Hiscox commissioned research to better understand the current pressures that SME face and investigate the psychological and physiological issues faced by small business owners during a downturn.
The research found that despite many reporting increased physical and mental ailments they are determined, confident and up for the challenges that lie ahead.
- 77% of small business owners reported physical and mental ailments at work and 45% are more stressed than a year ago
- Half of business owners (50%) expect to grow their business this year compared to; one in ten aiming for 10-20% and only 15% who expect to contract
- Nearly two thirds (64%) of small business owners feel that they are ready to face the challenges of the year ahead
Read the entire release here www.hiscox.co.uk/press-room/ >
Download a table of results here >
Psychologist Donna Dawson who specialises in personality and behaviour, commented on the findings:
"The Hiscox survey reveals that many UK business leaders are trying to achieve a good work/life balance but need to be more watchful of their physical health.
To download tips Donna created for avoiding stress see here:
Tips for avoiding stress
Beating stress at the office:
Regular breaks – try not to sit longer than two hours at a computer, even if you feel that you are on a roll. Muscles will stiffen and neck and back pain begin, and research shows that after two hours your actual productivity decreases. Within the two-hour time period, try to get up at regular intervals and stretch, shake out arms and legs, or walk around your desk. Also, do neck and shoulder rolls while sitting to prevent stress build-up.
The right furniture – Investing in a chair that is good for your back will pay for itself over and over again. Also, ensure that your computer, chair and keyboard are all at the right heights for working for prolonged periods without strain, and that your screen or glasses have an anti-glare component.
Go for bursts of physical activity - walking briskly up or down flights of stairs (instead of taking the lift), will give your brain a jolt of oxygen and help to clear out any mental cobwebs. Also, take a walk during your lunch-break (never work through lunch, or productivity will go down and irritability will go up). If there’s a local park near you, head for it.
Deep breathing – when an anxious thought strikes, try inhaling deeply from the bottom of your abdomen on a slow count of ten, and exhaling on a slow count of ten. Do this five times. This will reduce panic reactions and help you to think more logically and calmly.
Have a laugh – “laughter’ is strong medicine for stress, as it releases the ‘feelgood’ hormone serotonin in the brain. Try to see the funny side of things when you can, and where possible strike up a light-hearted conversation with a work colleague so that you can share a laugh
Rapid relaxation – find ten minutes a day for this when you won’t be interrupted: sit in a chair with your eyes closed and put your mind in your favourite holiday place (by the ocean, up a mountain, on an island, etc.). For roughly 5 minutes, take in every detail: sights, sounds, colours, textures. For the next 5 minutes, concentrate on alternately tensing-then-relaxing every muscle-group in your body (tense up for 5 seconds, relax for 5 seconds), starting from your face and neck, and working down to your toes.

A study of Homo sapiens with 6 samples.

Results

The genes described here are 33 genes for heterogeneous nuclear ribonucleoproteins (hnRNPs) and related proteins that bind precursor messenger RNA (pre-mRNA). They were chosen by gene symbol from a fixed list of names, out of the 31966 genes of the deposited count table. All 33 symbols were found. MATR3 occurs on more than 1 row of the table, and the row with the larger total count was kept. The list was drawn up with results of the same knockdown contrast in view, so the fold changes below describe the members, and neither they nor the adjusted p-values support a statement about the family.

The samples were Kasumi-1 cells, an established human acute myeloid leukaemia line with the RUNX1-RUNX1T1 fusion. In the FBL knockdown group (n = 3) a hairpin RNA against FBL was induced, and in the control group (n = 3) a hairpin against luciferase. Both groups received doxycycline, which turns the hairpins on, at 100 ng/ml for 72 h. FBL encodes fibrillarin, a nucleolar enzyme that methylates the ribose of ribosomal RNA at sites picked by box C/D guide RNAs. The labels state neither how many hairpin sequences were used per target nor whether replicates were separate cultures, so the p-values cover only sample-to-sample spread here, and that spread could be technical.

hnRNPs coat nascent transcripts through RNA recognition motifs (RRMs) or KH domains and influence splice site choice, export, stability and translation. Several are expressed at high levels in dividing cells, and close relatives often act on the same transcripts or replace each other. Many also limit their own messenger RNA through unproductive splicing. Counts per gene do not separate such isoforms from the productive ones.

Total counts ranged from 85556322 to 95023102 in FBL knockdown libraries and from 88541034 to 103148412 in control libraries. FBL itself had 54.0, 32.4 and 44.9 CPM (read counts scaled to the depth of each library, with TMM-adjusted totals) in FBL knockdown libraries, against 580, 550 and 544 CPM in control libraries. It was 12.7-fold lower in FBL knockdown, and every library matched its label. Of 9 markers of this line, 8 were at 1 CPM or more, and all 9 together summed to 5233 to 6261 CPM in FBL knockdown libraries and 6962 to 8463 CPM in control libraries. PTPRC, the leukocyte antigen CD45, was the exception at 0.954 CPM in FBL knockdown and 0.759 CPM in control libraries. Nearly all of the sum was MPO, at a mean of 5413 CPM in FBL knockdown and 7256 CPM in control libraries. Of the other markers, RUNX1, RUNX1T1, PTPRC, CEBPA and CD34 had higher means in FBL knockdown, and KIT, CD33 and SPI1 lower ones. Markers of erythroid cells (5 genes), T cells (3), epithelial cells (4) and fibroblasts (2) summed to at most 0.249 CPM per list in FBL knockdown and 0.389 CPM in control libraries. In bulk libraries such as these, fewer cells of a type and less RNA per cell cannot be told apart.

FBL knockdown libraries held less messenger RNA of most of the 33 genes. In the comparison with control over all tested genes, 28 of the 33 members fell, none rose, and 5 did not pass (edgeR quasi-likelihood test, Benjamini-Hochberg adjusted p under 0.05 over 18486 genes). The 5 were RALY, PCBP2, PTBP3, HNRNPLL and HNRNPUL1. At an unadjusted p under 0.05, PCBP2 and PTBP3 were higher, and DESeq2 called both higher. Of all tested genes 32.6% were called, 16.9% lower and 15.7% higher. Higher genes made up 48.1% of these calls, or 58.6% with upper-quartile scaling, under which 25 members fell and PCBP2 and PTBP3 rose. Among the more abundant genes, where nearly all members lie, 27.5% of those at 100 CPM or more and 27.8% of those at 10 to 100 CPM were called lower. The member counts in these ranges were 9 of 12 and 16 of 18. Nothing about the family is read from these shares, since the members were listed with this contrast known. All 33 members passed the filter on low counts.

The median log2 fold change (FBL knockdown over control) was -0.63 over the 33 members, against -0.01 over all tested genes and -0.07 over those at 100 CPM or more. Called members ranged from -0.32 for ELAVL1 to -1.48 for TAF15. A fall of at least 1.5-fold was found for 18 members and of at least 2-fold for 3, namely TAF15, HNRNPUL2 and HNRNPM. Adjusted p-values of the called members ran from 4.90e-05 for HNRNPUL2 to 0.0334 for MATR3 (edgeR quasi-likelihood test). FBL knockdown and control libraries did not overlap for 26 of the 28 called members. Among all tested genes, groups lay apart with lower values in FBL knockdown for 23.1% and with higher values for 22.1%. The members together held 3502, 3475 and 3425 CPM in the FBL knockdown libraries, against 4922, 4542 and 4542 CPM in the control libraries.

Beating stress outside of the office:
Take up regular physical exercise – whether it is a sport, jogging or just brisk walking. Ideally, an hour a day will give you maximum benefits at work in terms of energy and mental focus, but do what you can. Little and often works better than one weekly burst of energetic activity.
Be careful with alcohol – one or two drinks may feel like a quick way to relax, but done daily this can be hard on the liver and interfere with sleep. Try alternating drinks with water or soft drinks, going for halves instead of pints, and following a drinking day with a non-drinking day in order to give your liver a rest.
Talk through problems – whether it’s a friend, family member or your partner, finding someone with whom you can discuss your day who has a sympathetic ear can do a lot to dissipate stress. Someone else can add another perspective to the picture, and may be able to provide advice that you hadn’t thought of. Also, just hearing yourself talk out loud about a problem can help your brain to see a solution more clearly.
Watch your diet – it is true that ‘you are what you eat’, so aim for a balanced diet which is low in junk-food. For example, fish is good for the brain and wholegrains (brown bread, pasta, rice, oat products) help to calm the nervous system. Also, drink plenty of water during the day, as headaches and lethargy can be the result of dehydration in a centrally-heated office.
Spend quality time with loved ones – this helps to put everything in perspective, and gives you a chance at a decent ‘Work-Life’ balance. Plan ahead for it, and put it in your diary if need be!
Worst-case scenario – work out in your mind what ‘the worst thing that could happen’ would be, and then have a contingency plan in your head for if it ever occurred. Thinking something through all the way like this – instead of just stopping at the anxiety part – will make you feel more in control, and able to tackle anything that arises.